PGPD Initiatives Lead to Record High DUI Arrest Numbers
PGPD officers made 85 drunk driving related arrests in January.
Prince George’s County Police have been boosting efforts to crack down on drunk drivers, a strategy that seems to be paying off.
This past January, county police officers arrested 85 people for driving under the influence—according to the Prince George’s Police Department’s blog—surpassing all monthly totals for the past 16 years.
Cpl. Larry Johnson, a spokesman for the department, said that arrest increase was due in part to better resources.
“A lot of [the arrests] were the result of state funding, to provide overtime assignments for officers, so they can get out there and work the initiatives put in place, whether it be check points or traffic patrols,” he said.
Last October the Department awarded a $200,000 grant for traffic safety enforcement. The departments recently formed Traffic Enforcement Unit has also had a significant effect of DUI arrest totals, Johnson said.
“A big reason why the [arrest] number has risen is the creation of our Traffic unit,” he said.
The Traffic Enforcement unit was implemented last May in an effort to combat high numbers of fatal car crashes within the county.
Johnson said that Prince George’s County is not the only area increasing its arrest totals.
“[This is] pretty much a state goal of getting these arrests higher to keep these drivers off our roads,” he said.
While the county showed a rise in DUI arrests, Bowie Police Chief John Nesky said that his jurisdiction totals stayed within the usual range.
The department's DUI arrest initiatives are a part of the county’s Fatality Reduction Plan, an initiative put in place by Maryland State Police and the county police department.
“We had 4 [DUI arrests] that month,” he said. “Our numbers are not showing a real big spike.”
Nesky said that the department plans to continue with their effective methods for combating drunk driving including, traffic patrols, check points and publishing drunk driving arrests as unusual occurrences.
59-year-old Spencer McNeil's arrest was one such DUI related incident classified as an “unusual occurrence” in February—the only one.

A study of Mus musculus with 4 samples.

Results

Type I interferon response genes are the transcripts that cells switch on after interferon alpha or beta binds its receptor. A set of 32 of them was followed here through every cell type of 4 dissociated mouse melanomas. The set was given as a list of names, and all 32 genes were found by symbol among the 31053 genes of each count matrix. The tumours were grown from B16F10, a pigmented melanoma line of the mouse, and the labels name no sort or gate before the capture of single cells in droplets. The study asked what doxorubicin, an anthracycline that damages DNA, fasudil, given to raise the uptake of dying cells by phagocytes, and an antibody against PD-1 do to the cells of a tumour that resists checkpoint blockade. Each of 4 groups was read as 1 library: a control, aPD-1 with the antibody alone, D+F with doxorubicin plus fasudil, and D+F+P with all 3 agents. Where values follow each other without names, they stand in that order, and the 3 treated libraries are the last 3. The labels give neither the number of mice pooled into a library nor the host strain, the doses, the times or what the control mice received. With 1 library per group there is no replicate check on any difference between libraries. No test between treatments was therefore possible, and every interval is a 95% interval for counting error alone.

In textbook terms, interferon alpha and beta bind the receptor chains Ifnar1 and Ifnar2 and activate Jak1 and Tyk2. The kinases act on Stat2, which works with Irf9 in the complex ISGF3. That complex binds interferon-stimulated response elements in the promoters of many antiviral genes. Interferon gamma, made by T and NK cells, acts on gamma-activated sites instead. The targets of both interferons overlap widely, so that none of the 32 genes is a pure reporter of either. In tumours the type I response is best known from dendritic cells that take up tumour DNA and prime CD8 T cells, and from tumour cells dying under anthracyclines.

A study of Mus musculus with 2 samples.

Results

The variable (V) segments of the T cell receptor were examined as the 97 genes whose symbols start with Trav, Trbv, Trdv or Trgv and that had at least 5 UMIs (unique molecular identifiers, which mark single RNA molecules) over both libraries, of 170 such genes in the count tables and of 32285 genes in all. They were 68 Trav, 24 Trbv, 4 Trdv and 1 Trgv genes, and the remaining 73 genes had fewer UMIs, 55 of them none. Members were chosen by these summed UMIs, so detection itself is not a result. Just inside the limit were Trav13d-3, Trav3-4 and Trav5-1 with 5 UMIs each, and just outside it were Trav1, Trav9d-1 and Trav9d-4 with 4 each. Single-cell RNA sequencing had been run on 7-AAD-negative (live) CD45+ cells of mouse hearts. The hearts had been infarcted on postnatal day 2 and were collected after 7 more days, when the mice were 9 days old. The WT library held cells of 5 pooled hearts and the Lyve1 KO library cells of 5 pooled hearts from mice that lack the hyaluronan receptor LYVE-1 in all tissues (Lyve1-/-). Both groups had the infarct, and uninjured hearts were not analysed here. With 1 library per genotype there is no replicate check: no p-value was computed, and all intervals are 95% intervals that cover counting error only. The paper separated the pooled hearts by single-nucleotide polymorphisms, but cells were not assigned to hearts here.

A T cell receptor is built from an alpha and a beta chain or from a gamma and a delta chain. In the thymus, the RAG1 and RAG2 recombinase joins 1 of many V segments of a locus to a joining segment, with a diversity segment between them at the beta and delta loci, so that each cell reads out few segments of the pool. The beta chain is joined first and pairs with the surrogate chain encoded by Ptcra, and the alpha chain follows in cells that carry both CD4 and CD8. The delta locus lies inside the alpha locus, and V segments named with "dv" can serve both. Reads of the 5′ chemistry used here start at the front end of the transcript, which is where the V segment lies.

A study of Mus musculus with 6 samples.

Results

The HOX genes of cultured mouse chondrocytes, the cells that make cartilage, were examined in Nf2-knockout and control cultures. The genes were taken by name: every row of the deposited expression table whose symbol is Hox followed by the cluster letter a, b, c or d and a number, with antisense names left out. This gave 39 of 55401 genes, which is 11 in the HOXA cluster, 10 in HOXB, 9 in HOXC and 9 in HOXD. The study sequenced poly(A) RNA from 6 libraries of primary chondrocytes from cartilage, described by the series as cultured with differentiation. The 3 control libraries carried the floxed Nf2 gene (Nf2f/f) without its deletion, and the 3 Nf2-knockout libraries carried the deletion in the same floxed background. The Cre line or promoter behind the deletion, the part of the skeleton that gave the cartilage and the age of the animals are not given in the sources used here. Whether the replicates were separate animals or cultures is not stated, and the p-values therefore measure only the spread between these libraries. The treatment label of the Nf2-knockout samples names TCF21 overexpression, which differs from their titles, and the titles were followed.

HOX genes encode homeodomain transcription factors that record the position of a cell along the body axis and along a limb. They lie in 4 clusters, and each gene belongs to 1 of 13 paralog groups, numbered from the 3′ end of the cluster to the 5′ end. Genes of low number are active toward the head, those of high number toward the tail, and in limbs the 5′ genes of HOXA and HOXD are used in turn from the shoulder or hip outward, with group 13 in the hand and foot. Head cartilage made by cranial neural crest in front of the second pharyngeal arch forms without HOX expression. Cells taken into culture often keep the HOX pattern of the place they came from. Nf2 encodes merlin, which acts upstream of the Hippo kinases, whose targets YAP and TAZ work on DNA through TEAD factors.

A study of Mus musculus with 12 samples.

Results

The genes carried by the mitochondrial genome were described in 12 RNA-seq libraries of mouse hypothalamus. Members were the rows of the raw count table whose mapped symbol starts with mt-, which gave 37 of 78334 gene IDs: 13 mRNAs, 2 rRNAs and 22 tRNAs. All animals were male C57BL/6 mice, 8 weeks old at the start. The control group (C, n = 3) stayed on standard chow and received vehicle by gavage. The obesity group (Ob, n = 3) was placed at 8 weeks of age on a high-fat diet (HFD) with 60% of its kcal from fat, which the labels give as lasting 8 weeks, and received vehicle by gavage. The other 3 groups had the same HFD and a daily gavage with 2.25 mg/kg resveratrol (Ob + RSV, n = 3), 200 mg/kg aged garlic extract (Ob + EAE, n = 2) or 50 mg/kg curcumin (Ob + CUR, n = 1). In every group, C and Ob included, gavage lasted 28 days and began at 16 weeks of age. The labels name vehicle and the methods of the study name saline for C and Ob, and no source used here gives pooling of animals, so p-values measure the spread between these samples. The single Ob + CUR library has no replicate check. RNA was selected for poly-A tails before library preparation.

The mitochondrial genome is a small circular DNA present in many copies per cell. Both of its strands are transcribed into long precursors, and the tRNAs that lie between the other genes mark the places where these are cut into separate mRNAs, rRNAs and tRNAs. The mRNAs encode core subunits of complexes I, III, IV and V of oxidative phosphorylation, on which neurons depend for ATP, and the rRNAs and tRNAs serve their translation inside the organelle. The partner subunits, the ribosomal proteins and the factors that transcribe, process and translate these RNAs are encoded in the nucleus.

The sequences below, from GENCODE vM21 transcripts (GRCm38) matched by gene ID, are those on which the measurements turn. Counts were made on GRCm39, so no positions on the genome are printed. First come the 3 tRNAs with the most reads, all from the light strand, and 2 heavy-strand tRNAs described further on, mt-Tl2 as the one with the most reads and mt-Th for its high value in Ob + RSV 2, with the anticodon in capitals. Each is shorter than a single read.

According to the police report, the DC resident was stopped on Town Center Blvd., and during stop the arresting officer smelled alcohol coming from McNeil.
McNeil was later reported as having a blood alcohol level of 0.15. He was charged, along with other violations, for DUI and driving while impaired by alcohol.
Over the weekend, there were two more DUI arrests in Bowie, the first on Friday night after collision on Mitchellville Road.
According to a report released by the Bowie Police, around 9 p.m. on March 5, police responded to a two-car collision at the intersection of Mitchellville Road and Collington Road.
When officers arrived, 58-year-old William Patrick Semidey, of Germantown, MD, had a strong odor of alcohol on his breath. Semidey had run into the back of a car stopped at a stoplight on Mitchellville Road, according to the report.
Police say Semidey was unstable on his feet, needing assistance to stand, and had admitted to drinking between ten and fifteen beers prior to getting behind the wheel.
The officers also spotted numerous empty Bud Lite beer cans in the front passenger seat, and asked Semidey to take a field sobriety test, which he declined.
When officers tried to place Semidey under arrest, he resisted, but was ultimately able to be subdued and was charged with driving under the influence. Nobody was injured in the collision.
A few hours later—early Saturday morning—another DUI arrest was made on Route 197 near the exit for Route 50.
Police spotted 38-year-old Zhi Yuan Zhang traveling northbound on Route 197, in the southbound lane just after 2 a.m. on March 6. During the stop, officers could smell alcohol on Zhang, then watched him vomit onto the front passenger seat.
According to the report, Zhang told police he had, “maybe two drinks.” He then agreed to a field sobriety test, which he failed. A Breathalyzer test revealed he had a BAC of 0.13.
Chief Nesky said the department publishes these arrests as a deterrent for some would-be drunk drivers.
“[Drunk driving related arrests] are not so much unusual, we just want to get the word out," he said. “Sometimes seeing [the arrest] in a newspaper will make someone go ‘Wow’ this could happen to me.”